Each year, when the anniversary of D-Day and the Normandy invasion draws near, I am petitioned with questions pursuant to the writing of the WWII novel, How Angels Die. For the most part, I am able to rely on the extensive research conducted for the novel seasoned with the personal accounts of my uncles – who were there. The novel’s continued strong position as a sales leader (especially in Europe) remains a blessing. However, this year I am confronted with a new set of facts and a broader impact I wish to share.
Losing St. Christopher, Book 2 in the Cherokee Trilogy was released Wednesday June 4th. . And while the two novels share the historical fiction genre, they share another common link that is virtually unknown.
Angels, with its storyline centered on the French Resistance references the Nazis and their brutal tactics. St. Christopher details one family’s trek on the infamous Trail of Tears as well as the greed and political wrangling that led to the 1,200 mile forced death march .
What the research uncovers is that 100 years after the interment, starvation, and forced migration of the Cherokee from Georgia, the Carolinas, and eastern Tennessee, similar tactics were utilized by the Nazis in the removal of European Jews and others deemed ‘undesirable’ to the Third Reich. While a cursory glance would show a passing similarity, in-depth research uncovers a deeper, harsher reality.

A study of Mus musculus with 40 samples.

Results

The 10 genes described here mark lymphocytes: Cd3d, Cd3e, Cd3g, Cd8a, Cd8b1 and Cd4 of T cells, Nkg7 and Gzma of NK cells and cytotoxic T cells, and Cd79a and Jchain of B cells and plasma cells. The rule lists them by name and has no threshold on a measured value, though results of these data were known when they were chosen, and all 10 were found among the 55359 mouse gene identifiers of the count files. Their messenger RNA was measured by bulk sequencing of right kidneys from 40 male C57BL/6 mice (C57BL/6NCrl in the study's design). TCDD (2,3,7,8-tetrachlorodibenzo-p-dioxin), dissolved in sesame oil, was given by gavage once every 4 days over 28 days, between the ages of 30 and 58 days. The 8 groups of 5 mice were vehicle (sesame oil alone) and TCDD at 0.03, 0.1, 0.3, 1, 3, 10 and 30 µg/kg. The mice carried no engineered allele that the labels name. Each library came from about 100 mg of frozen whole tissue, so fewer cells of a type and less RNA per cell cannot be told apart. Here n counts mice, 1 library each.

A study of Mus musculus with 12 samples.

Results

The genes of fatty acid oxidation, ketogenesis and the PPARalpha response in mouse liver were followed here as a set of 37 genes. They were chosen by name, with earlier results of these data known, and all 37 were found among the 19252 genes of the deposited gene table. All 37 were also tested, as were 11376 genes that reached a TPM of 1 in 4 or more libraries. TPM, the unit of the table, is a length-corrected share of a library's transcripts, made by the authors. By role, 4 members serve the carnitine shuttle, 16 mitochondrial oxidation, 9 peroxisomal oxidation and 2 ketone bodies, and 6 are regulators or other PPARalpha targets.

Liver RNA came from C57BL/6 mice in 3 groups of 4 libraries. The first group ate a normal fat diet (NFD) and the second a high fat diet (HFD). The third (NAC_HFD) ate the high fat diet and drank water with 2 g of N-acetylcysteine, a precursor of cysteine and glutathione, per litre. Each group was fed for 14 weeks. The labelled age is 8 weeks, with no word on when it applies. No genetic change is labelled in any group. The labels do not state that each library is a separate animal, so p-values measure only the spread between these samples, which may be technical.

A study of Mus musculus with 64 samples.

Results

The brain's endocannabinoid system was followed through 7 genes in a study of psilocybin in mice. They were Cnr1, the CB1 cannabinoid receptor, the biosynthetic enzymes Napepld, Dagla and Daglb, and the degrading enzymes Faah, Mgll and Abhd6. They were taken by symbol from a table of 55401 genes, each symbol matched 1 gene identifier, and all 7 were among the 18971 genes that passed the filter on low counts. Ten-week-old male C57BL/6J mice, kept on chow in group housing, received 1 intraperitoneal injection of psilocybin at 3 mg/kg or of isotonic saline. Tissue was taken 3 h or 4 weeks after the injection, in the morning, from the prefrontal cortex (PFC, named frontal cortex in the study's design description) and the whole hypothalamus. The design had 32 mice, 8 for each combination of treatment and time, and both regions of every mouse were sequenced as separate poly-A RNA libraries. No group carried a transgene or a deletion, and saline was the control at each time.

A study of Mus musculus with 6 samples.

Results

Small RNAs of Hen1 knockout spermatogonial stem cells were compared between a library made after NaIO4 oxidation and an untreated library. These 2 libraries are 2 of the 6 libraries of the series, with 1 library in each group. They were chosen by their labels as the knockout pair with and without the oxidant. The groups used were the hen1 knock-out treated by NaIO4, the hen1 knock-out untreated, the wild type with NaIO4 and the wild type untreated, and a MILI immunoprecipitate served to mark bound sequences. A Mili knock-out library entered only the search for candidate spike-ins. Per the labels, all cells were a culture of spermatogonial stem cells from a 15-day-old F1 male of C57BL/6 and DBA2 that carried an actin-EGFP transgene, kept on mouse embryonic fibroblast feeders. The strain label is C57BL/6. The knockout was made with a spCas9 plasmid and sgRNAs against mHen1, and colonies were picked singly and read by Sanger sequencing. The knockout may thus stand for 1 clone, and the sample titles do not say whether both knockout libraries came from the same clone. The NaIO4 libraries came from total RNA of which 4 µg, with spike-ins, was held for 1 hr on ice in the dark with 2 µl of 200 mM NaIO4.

100 years before Auschwitz
When Hitler and the Nazi war machine researched a blueprint for their ‘Final Solution,’ they looked to the United States Congress and vote number 149, May 26, 1830. Through The Indian Removal Act, the United States government introduced starvation, disease, and warehousing of human beings as a sanctioned method to annihilate a people, a culture, and a way of life.
In 1953, Albert Speer, Germany’s Minister of Armaments & War Production, wrote from Spandau Prison, Berlin, of the genocide of the American Indian. Hitler, Heinrich Himmler, leader of the dreaded German S.S., Adolf Eichmann, chief mechanic of the Holocaust, and others, had studied the United States Government’s removal and attempted eradication of the American Indian. The Nazis employed similar approaches, admittedly on a far more massive and destructive scale, a hundred years later.
The saying is, “History repeats itself.” As we commemorate the sacrifice of so many dedicated individuals at Normandy, the liberation of the Nazi death camps, and defeat of Hitler’s Germany, save a reverent thought for the American Indian whose suffering was inflicted, not by a maniacal madman leading pagans with wanton bloodlust in their eyes, but by the United States of America – a Nation whose founding premise was freedom.